Living

Dealing with conflict at Christmas : taking a kinder path

Sometimes, some people can really rub us up the wrong way. And there are moments when, consumed with our own thoughts, we’re more prone to taking other people’s offhand comments way too personally.

Some days calm and kind feels natural and easy. Other days our emotions are raw, our thinking chaotic and our temper easily triggered. Facing what feels like criticism or judgement, we’re easily drawn into arguments and negativity.

Christmas is a time for giving, for sharing and for family. Images of idyllic days enveloped in the loving embrace of said family fill our hearts, our minds and our screens. Expectations soar, while our resources may plummet spectacularly low.

None of us want to be irritable and snappy especially with those we love the most. We’ve all worked so hard to get here, it’s no wonder we sometimes feel overwhelmed, overtired and oversensitive.

But don’t despair, equipped with some useful tools we can glide through the season with grace. 

Breathing

When adrenaline starts rising to the surface and we’re at risk of lashing out in hurt or frustration, taking a moment to breathe before we respond can help us calm us down.

Taking the time to pause, or counting to ten and focusing on our breathing, can help us regain control and respond more considerately.

Reaching for a sip of water creates a natural pause in our conversation allowing us time to think. And when we need that bit longer, a mouthful of food can do the trick.

Really listening

Be open and curious in conversation. Recognise that we may not have heard the sentiment, or even the words as they were spoken or intended. Momentary lapses of concentration, multiple distractions and our own preconceptions combine to skew the experience of our every interaction.  

Remember those times when we’re sure we’ve been misunderstood, that others have missed our point and latched on to something we didn’t intend. Being generous in our interpretations, willing to extend the benefit of doubt to others and assuming positive intent all help to increase our feelings of good will, warmth and connection to those around us.

And when we feel more at ease, we can entertain the possibility that we’ve misheard, misjudged or been wrong in our assumptions. We’re more willing and able to consider different perspectives and embrace the opportunities they offer us to learn from each other and deepen our relationships.

Ditching self-obsession

We’re each the centre of our own universe and process information on this basis. This can leave us all at risk of inflating our own significance in the affairs of others.

Aggression and hostility are symptoms of sadness and hurt, fear and confusion. When others are unkind, insensitive or dismissive towards us, it can reveal much more about them than us. Just as our own sensitivity to certain topics reflects our own emotional state, so it is for those around us.

And remembering this, in the most difficult moments, can help us find compassion for the common challenges we all face, and avoid the perils of taking everything too personally.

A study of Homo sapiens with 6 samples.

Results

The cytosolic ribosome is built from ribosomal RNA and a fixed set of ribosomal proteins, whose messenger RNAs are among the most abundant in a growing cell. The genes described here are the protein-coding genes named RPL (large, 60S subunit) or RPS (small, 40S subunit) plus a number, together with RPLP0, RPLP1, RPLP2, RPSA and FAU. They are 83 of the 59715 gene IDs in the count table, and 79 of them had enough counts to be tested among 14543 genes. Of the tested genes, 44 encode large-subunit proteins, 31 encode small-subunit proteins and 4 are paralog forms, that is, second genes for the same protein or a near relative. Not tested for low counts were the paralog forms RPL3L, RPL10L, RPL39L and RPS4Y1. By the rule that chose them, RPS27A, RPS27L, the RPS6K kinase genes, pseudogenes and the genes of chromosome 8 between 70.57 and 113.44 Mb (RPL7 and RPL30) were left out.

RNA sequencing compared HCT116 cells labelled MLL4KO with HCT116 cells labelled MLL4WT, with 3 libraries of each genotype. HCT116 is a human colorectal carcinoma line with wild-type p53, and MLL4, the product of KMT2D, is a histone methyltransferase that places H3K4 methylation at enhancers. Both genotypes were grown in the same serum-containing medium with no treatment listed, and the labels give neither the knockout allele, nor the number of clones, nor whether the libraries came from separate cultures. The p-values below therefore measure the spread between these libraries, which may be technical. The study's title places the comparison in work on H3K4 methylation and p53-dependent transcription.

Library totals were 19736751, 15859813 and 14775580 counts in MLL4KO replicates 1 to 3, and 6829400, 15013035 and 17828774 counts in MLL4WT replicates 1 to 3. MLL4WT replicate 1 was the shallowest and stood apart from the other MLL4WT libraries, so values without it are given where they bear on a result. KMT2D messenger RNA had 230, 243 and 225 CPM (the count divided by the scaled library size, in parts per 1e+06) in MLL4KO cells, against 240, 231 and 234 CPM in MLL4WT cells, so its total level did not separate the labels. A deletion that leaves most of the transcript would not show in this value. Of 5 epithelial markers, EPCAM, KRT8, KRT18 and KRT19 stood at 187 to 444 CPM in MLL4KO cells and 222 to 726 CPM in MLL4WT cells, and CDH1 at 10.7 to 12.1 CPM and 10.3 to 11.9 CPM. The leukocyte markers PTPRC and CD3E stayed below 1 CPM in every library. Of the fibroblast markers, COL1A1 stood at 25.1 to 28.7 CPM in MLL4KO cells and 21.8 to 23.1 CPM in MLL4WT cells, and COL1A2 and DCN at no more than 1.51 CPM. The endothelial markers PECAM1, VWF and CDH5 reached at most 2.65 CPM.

Considering our choices

Surrounded by those we love, whose relationships we value, yet whose beliefs and choices may be vastly different to our own, there are bound to be some awkward moments. But we’re not solely at the mercy of circumstance, we have a choice.

We can choose to engage in discussion, or we can politely withdraw. Passing the bean dip, responding to the far-off, faint, almost imperceptible calls of our children, or straight up acknowledging it’s an interesting topic worthy of more time and attention another time, can all be useful tactics to avoid difficult exchanges.

I once worried that if I didn’t overtly challenge the discriminatory remarks of others that my children might think these were okay. I was wrong to worry. The strength of their own reasoning and reflections, the quality of our connection and ongoing conversations, my attempts at being kinder and calmer, trusting them and being someone they can trust – these are far more powerful influences than the occasional outburst from others.

Presented with opposing views, we’re gifted the opportunity to learn more about a subject and explore our own thoughts and opinions. But we can do this later, when the strong emotions of the moment have subsided and there is less scrutiny from others.

Be like the oak tree

Defensiveness is a form of attack and can undermine our position. We don’t have to refute the claims of others, provide lengthy explanations or justify our every move. We can choose to let stuff go, refrain from direct challenges and allow our actions to speak louder than our words.

Being true to ourselves, and remembering that we’re responsible for our own actions, whatever the provocation, can help us avoid being dragged into fruitless arguments.

In no way, do I mean to suggest that we should always stay quiet and never challenge, that we should be submissive and agree with everyone. I believe that we should challenge cruelty, injustice, prejudice and discrimination when we can, but that this doesn’t have to be by direct confrontation. There are times when words will be more or less effective.

Travelling the same road many times when we know it doesn’t lead where we’d like to go is a waste of time, as is belligerently rehashing the same old arguments, something we all want to avoid. Keeping our focus and attention positive and challenging negativity with the choices we make each day, these say much more than a few heated words ever could.